Low Flicker or Flicker free AC to DC conversion

Discussion in 'Electronics & Electrics' started by lawrencep93, Mar 21, 2019.

  1. lawrencep93

    lawrencep93 Member


    I want to build a project RED and Infrared LED light therapy device with minimal or no flickering that plugs into 240v.

    So far I am going to make one which is just 10m rolls of LED strip lights and soldering some wire to each strip then plug it into a cheapo 6w AC to DC power supply that came with the strips, but I want to have something with minimal or no flickering with out having to go to a battery set up.

    The other future project I want to try is mounting 1 or more 100w LED chips to an old heat sink with a fan, so the voltages will be a little different, I also have a spare 700w PC power supply I could maybe use for the second project if I work out a way to house and cool 6 of these LED chips which will make use of the 700w PSU, just need to check the voltages leaving the power supply as I think the fans will be 12v and the LED chips are 24v so will need something to step the voltage down for the fan.
     
  2. aXis

    aXis Member


    If not you can try adding some extra LC filtering on the output.
     
  3. theSeekerr

    theSeekerr Member


    Even the simplest option of a rectifier followed by a capacitor bank won't visibly flicker provided the capacitor bank is sized adequately (the right search term for this would be something like "rectifier ripple voltage")

    A switchmode supply won't flicker visibly because any flicker will be at several thousand hertz, well beyond the threshold of perception even for very conservative estimates. Most power supplies you can buy are switchmode. I'd be very surprised if it were an issue with any appropriately sized supply.
     

    lawrencep93 Member


    Where do you guys buy such a power supply?
     
  5. aXis

    aXis Member


    If it has a driver included that may have some inherent flickering. If it's one of the other two, all you have to do is supply a ripple free voltage or current supply respectively. Smoothing can be done with capacitive & inductive filters, even several stages of them.
     

    lawrencep93 Member


    mtma Member

     

    lawrencep93 Member

     
  9. aXis

    aXis Member


    dakiller (Oscillating & Impeding)


    If you don't want to dim that strip lighting, connecting it to any normal 12v DC supply will run them flicker free.

    If you want to be able to dim them, you need a variable constant current driver (of which I don't have anything to recommend off the top of my head)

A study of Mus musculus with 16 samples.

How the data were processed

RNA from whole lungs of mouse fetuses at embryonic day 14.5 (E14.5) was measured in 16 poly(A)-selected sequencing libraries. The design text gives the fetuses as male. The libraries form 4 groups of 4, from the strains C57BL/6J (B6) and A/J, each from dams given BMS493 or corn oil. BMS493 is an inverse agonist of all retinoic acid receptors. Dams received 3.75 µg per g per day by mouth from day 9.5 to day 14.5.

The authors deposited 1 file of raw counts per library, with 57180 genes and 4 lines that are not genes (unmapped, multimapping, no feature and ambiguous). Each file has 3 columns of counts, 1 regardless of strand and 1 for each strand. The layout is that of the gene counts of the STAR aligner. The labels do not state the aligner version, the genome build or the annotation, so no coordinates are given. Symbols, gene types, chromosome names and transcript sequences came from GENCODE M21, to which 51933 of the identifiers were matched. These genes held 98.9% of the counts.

11. RobRoySyd

    RobRoySyd Member


    For sure flicker is a problem with video cameras, I tried some cheap LED dimmers and looked OK to the eye but the flicker with my camera was horrendous.

    One concern is the actual sensors in video cameras are most sensitive to IR. There's an IR cut filter in front of the sensor but start flooding a scene with IR and some can get through the filter and then you'll get some weird colour problems e.g. synthetic black fabrics gets a magenta tint.
     

    lawrencep93 Member

     
  13. RobRoySyd

    RobRoySyd Member

    Have you tried these treatments and are you thoroughly convinced they do some good?

    If you are then most likely it involves some interesting physics / chemistry that AFAIK would require a specific wavelength of IR. If that's not the case and any wavelength will work then heat lamps give off heaps of IR. I've got an IR light of around 1KW gathering dust you could have for freight. I suspect it was used for paint drying / baking.
     

    lawrencep93 Member


    Need specific wave lengths hence the LED use, I can find the LED's just setting it up is the harder bit.

    Thanks for the offer on the IR light, but I don't want too much heat
     
  15. RobRoySyd

    RobRoySyd Member

     

    lawrencep93 Member


    When I move house I might make one in the spare room so I don't have to go to the Dermatologist to do my UVB therapy, then I might do half UVB globes and the other side with all red and infra red LED's as the two work better together for my Psoriasis.
     
  17. RobRoySyd

    RobRoySyd Member


    As for the panel easiest would be to use LED strips. I have a contact in China who has made LED strips to spec for me. The problem though is they will only ship DHL which gets expensive (USD 35) for small quantities. If that doesn't scare you off let me know and I'll see what they can do. Psoriasis is common in Asia so I'd guess they'll be making the things used to treat it.